GeForce GPU Option and Connectivity

An Oddly Secret GeForce GPU

An option addition to the Surface Book is a discrete NVIDIA GeForce GPU in the keyboard dock. When it was first announced, very little was said about the GPU itself – what technology it was based, what architecture, etc. Only after a few weeks of tear downs and research do we even have a cursory knowledge about what GPU is really hidden inside the Surface Book. On Microsoft’s website, the specifications only state “NVIDIA GeForce GPU with 1GB GDDR5 memory,” which is about as minimal as you can possibly get. First, it’s worth noting that the 1GB of memory is very, very low for a discrete GPU, especially considering the 3000×2000 resolution on the Surface Book screen.

Doing some more research, we found that the GPU has 384 CUDA cores and a clock speed of about 950 MHz, putting it roughly on par with the specifications of a GeForce 940M.

I am still curious why there was (and is) so much secrecy around the GPU in question here. NVIDIA, usually more than willing to talk with me about its projects and products, has been very tight lipped about the exactly GPU configuration in the Surface Book. Microsoft – they sure aren’t talking either.

Connectivity – Enough Ports?

Since the introduction of Ultrabook, and now the rising popularity of 2-in-1 convertible tablets, the lack of expansion ports on hardware has become a real concern for most users. The Surface devices are susceptible to this problem with their thin designs and desire to be sexy as well as functional.

For the Surface Pro 4, you get a single full-size USB 3.0 port, a Micro-SD card reader, audio / headset connection, a mini DisplayPort connection and the SurfaceConnect port for power and docking. Essentially, we are looking at single USB port and a single mini-DP connection for your tablet. Adding the Type Cover doesn’t populate any of these ports but it also doesn’t add anything to the equation – you are left with what you have there. Is that enough for you? That is tough to say as a reviewer. For me, a single USB 3.0 port is just not enough for the not-so-rare occasions when I am traveling that I want an external mouse, headset and maybe a better quality webcam. Yes, I know you can get USB hubs but, to me, those types of necessary additions kill much of the “mobility” of the device and force you to remember it each and every time you step out the door.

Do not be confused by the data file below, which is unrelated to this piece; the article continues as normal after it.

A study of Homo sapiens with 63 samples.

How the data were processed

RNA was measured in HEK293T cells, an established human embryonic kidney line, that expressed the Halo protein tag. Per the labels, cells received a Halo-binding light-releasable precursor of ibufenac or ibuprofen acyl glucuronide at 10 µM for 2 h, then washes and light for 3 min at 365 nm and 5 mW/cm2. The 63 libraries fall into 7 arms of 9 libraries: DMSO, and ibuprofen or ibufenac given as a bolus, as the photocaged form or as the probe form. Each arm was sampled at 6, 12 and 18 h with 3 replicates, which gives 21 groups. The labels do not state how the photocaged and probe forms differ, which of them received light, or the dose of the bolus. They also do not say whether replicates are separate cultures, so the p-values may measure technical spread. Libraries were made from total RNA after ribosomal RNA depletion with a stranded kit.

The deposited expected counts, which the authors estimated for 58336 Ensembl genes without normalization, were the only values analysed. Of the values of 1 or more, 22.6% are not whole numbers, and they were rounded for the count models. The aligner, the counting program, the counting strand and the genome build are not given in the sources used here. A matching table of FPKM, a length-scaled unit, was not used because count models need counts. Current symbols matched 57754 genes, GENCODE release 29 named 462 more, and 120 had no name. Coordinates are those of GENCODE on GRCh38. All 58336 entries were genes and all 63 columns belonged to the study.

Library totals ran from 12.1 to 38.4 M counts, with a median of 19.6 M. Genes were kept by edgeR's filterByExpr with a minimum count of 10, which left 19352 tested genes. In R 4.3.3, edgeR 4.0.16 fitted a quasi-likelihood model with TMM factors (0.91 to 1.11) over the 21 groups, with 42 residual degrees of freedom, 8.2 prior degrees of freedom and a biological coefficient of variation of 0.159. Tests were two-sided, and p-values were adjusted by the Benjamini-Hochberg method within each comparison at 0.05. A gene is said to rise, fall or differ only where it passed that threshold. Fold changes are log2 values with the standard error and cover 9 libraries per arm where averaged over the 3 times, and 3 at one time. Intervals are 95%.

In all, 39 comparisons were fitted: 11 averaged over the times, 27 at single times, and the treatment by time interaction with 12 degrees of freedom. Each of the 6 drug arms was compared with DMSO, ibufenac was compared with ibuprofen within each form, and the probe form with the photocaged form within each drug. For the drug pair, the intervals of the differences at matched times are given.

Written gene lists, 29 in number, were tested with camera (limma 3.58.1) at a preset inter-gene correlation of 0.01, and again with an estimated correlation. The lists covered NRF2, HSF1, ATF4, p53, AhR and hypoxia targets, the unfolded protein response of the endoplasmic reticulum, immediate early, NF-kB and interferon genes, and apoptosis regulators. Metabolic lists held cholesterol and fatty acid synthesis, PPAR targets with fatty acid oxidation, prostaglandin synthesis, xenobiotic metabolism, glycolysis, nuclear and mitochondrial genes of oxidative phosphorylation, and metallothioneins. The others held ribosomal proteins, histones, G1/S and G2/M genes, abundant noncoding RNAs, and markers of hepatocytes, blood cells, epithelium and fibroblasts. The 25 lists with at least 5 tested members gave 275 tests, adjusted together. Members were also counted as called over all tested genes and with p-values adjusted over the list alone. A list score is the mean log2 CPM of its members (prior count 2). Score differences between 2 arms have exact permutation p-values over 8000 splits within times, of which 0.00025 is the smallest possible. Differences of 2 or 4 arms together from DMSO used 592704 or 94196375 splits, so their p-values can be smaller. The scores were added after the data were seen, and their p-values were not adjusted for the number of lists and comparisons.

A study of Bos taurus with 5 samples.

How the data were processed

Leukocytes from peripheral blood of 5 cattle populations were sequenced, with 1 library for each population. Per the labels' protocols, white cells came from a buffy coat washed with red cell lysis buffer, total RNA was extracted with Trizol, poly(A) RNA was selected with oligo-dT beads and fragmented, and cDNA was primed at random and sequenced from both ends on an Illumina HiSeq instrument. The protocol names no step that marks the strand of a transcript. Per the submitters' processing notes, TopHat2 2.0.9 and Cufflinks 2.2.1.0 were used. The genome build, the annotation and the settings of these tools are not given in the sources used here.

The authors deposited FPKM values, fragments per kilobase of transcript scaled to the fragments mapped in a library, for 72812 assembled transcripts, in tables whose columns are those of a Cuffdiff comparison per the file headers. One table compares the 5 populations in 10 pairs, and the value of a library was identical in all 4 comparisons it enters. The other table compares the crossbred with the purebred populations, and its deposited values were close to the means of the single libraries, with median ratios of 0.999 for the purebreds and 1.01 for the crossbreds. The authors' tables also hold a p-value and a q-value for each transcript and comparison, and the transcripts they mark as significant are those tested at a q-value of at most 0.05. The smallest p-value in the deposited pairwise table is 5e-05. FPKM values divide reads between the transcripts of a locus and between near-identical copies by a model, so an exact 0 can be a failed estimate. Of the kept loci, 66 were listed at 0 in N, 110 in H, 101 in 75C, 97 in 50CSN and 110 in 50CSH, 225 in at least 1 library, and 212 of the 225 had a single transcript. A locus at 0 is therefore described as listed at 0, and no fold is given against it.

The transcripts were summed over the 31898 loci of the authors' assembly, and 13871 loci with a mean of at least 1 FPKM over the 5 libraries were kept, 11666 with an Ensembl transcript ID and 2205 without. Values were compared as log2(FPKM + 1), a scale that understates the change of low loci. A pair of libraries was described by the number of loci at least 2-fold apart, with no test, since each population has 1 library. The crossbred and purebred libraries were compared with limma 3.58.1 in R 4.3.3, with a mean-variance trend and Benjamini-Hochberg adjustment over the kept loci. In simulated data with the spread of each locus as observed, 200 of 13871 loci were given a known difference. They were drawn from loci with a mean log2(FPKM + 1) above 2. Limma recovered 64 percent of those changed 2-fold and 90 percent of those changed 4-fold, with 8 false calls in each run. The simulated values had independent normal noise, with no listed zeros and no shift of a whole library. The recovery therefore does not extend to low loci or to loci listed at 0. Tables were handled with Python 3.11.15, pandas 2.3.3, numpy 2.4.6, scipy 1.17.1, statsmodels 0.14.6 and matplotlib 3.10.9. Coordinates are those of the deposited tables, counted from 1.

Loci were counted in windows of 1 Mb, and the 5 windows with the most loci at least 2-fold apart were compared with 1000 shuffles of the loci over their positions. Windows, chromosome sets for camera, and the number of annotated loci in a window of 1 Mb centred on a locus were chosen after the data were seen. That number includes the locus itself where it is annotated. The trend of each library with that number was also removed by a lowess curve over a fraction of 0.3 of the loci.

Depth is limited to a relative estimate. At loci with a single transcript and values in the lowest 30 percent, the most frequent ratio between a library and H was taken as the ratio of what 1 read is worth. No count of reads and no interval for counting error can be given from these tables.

The Surface Book is better, adding a second USB 3.0 port. It includes two full-sized UBS 3.0 ports, a full-size SD card reader, an audio / headset connection and a mini DisplayPort connection. One of those USB connections, in addition to the SD card reader and the mini DisplayPort connection are on the keyboard dock. Obviously that helps but it may not solve the problem for many users.

One solution is the Surface Dock, a device that plugs into the SurfaceConnect port on both the Pro 4 and the Book and includes power pass through, two more mini DisplayPort connections, a Gigabit Ethernet port, 4x USB 3.0 ports and an audio connection. This is only useful for your home or office and isn’t a reasonable solution for users on the go, but if you are only concerned about have accessories and multiple displays attached when sitting at your disk, this $200 product will allow to do that with plug and play functionality.